Lower Lea Valley
The Lower Lea Valley is the southern end of the Lea Valley which surrounds the River Lea. It is part of the Thames Gateway redevelopment area and was the location of the 2012 Summer Olympics.
A 2005 documentary What Have You Done Today, Mervyn Day? focused on the history and landscape of the Lower Lea Valley. The film was made by Paul Kelly in conjunction with British pop group Saint Etienne.
The Lower Lea Valley can be described as the part to the south of the long chain of reservoirs which end with the East and West Warwick Reservoirs. The Lea changes course at this point, changing from a SSW to a SSE direction for the last five miles before it's confluence with the Thames at Blackwall and Canning Town.
The north-west of the area is in the London Borough of Hackney, the south-east is in the London Borough of Newham, the south-west is in the London Borough of Tower Hamlets, and the north-east is in the London Borough of Waltham Forest.
The Lower Lea includes Hackney Marshes and the Lea River Park, a collection of six parks which connect Queen Elizabeth Olympic Park to the Royal Docks and the River Thames; linked by the Leaway.
The redevelopment of the Lea River Park opens up 45 acres of new space creating walkways and cycle paths. The project completes the 26-mile long Lee Valley Regional Park which connects Ware in Hertfordshire to the River Thames.
It takes an hour to walk the entire Lea River Park with the opportunity to stop off and learn about some of the area's rich history, including:
- Dane's Yard – the first phase of Vastint's 26-acre Sugar House Island project. Dane's Yard is a Conservation Area sensitively being refurbished into a business hub for creative industries. The Sugar House, a Victorian warehouse on site, is one of the development's buildings being refurbished.
- Three Mills – a beautiful and historic area which is home to the world's biggest tide mill (which was listed in the Domesday Book). The mills were originally used to grind grain for flour (Stratford bakers were renowned and mentioned by Chaucer). Later the mills ground grain to make gin, and a large distillery was set up on Three Mills Island. Owned at the time by Nicholson, it fuelled the gin graze in London. The distillery is now 3 Mills Studio, an independent film studio, home of MasterChef and many British-made films.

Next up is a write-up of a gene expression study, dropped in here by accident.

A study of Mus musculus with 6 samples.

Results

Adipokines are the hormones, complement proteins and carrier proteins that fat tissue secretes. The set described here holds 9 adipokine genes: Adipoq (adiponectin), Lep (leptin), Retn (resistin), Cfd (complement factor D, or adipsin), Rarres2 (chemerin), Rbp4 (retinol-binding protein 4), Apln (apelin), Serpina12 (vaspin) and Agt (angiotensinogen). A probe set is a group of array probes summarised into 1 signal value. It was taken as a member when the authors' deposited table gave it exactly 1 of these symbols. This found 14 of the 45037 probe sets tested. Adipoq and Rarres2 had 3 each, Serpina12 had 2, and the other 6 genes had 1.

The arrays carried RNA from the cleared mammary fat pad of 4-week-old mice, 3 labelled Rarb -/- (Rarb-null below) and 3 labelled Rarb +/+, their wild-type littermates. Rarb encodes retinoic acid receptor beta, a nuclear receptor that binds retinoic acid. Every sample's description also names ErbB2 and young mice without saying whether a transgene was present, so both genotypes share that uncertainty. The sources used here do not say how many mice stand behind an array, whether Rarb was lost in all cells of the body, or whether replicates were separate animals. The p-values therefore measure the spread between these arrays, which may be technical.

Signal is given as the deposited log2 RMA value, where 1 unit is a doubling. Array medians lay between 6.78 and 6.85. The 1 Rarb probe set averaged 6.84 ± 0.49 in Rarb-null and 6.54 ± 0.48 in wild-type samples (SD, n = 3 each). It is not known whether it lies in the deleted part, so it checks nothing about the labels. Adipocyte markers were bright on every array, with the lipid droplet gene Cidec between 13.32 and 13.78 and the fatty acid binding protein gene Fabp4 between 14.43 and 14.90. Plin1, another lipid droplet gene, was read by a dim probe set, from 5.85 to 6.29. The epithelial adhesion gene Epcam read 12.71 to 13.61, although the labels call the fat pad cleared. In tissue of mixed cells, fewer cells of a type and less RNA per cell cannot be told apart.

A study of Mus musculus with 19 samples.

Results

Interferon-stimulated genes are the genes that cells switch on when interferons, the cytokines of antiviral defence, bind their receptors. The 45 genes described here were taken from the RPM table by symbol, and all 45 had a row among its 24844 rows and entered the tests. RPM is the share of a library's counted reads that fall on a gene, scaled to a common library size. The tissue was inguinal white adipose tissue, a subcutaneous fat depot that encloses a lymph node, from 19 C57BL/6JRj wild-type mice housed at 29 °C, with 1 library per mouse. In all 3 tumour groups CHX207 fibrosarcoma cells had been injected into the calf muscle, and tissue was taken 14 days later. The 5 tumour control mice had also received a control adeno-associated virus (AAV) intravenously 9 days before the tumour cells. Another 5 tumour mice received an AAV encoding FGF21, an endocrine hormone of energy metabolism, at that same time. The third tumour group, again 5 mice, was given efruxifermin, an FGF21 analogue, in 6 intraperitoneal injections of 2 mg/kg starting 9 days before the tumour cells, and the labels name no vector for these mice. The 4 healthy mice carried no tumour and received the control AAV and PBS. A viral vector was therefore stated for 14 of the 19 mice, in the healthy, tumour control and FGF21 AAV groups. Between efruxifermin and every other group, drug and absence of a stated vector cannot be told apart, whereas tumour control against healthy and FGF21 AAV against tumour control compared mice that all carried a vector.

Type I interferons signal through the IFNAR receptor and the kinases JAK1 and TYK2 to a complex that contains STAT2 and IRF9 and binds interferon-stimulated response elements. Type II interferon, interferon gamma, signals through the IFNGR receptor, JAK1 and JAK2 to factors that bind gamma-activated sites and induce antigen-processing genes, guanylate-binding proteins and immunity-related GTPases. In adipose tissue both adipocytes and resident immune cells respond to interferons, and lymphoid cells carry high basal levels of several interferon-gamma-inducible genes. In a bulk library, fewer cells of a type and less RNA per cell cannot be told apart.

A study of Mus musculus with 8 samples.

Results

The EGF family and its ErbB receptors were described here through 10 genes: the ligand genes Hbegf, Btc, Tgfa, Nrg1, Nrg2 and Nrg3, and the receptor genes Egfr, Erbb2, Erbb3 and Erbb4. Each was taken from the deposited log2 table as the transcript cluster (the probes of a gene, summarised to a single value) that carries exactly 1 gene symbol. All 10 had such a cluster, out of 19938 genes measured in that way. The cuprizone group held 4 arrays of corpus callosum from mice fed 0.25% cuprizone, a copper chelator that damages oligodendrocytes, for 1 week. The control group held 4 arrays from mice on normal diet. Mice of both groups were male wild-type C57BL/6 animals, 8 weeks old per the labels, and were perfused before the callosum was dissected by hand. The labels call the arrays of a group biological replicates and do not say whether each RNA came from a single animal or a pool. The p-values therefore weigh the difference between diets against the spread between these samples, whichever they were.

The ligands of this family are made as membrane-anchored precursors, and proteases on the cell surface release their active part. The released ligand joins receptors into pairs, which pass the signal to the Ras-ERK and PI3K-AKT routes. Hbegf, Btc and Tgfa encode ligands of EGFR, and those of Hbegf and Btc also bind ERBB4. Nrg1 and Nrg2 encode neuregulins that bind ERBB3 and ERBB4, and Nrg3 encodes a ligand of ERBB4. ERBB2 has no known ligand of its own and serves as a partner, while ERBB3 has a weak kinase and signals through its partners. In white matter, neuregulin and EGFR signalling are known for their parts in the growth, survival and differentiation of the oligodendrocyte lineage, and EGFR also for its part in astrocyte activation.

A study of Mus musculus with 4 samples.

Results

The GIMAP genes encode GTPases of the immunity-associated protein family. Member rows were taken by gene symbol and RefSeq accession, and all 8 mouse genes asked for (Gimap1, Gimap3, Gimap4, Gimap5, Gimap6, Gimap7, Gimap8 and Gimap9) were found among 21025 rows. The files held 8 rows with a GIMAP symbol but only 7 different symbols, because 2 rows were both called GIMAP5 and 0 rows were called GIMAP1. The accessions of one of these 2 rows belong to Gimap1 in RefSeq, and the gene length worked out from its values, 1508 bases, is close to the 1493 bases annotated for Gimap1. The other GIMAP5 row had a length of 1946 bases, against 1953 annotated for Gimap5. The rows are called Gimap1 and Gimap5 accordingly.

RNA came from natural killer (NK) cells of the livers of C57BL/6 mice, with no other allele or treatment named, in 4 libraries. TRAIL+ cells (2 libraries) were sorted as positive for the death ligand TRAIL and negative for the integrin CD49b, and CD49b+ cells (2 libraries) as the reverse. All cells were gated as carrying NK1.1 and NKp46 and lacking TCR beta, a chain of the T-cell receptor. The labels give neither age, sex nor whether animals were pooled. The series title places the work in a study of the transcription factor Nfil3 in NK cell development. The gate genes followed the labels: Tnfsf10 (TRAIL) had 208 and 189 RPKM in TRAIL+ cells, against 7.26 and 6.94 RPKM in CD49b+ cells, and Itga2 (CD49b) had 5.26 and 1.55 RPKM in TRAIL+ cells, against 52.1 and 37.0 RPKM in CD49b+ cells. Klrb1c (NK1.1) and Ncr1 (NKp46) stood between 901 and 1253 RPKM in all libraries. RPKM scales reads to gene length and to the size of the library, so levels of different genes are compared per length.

- Bow Ecology Park – a thriving wildlife sanctuary with newts, water scorpions and flocks of wading birds.
- Trinity Buoy Wharf – home to London's only lighthouse.
- Cody Dock – a formerly derelict dock which is being transformed into a thriving creative community space.
- The banks of the Lea at the Bow Brewery where India Pale Ale was first brewed.
Responsibility for the redevelopment of most of the area was under the remit of the London Thames Gateway Development Corporation until 2012. The area around the Olympic site is now under the control of the London Legacy Development Corporation. It forms part of the Green Enterprise District. Part of the area is an enterprise zone including Silvertown Quays, Royal Albert Dock and Royal Albert Basin. Current areas identified for redevelopment are:
- Bromley-by-Bow, led by Tesco, Tower Hamlets
- Canning Town and Custom House, Newham
- Chobham Manor, Newham
- East Village, the former Olympic village, Newham
- East Wick, Hackney
- Marshgate Wharf, Newham
- Pudding Mill, Newham
- Silvertown Quays, Newham
- Stratford City, led by Westfield, Newham
- Sugar House Island, led by Vastint, Newham
- Sweetwater, Tower Hamlets
- Saints of the screen Retrieved 26 November 2011
- "New 'cut price' office space seeks to lure start-ups from Shoreditch". Evening Standard. Retrieved 4 June 2018.
- "Where young Londoners should look for new waterside homes without paying a Thames-side premium". Homes and Property. 1 May 2018. Retrieved 4 June 2018.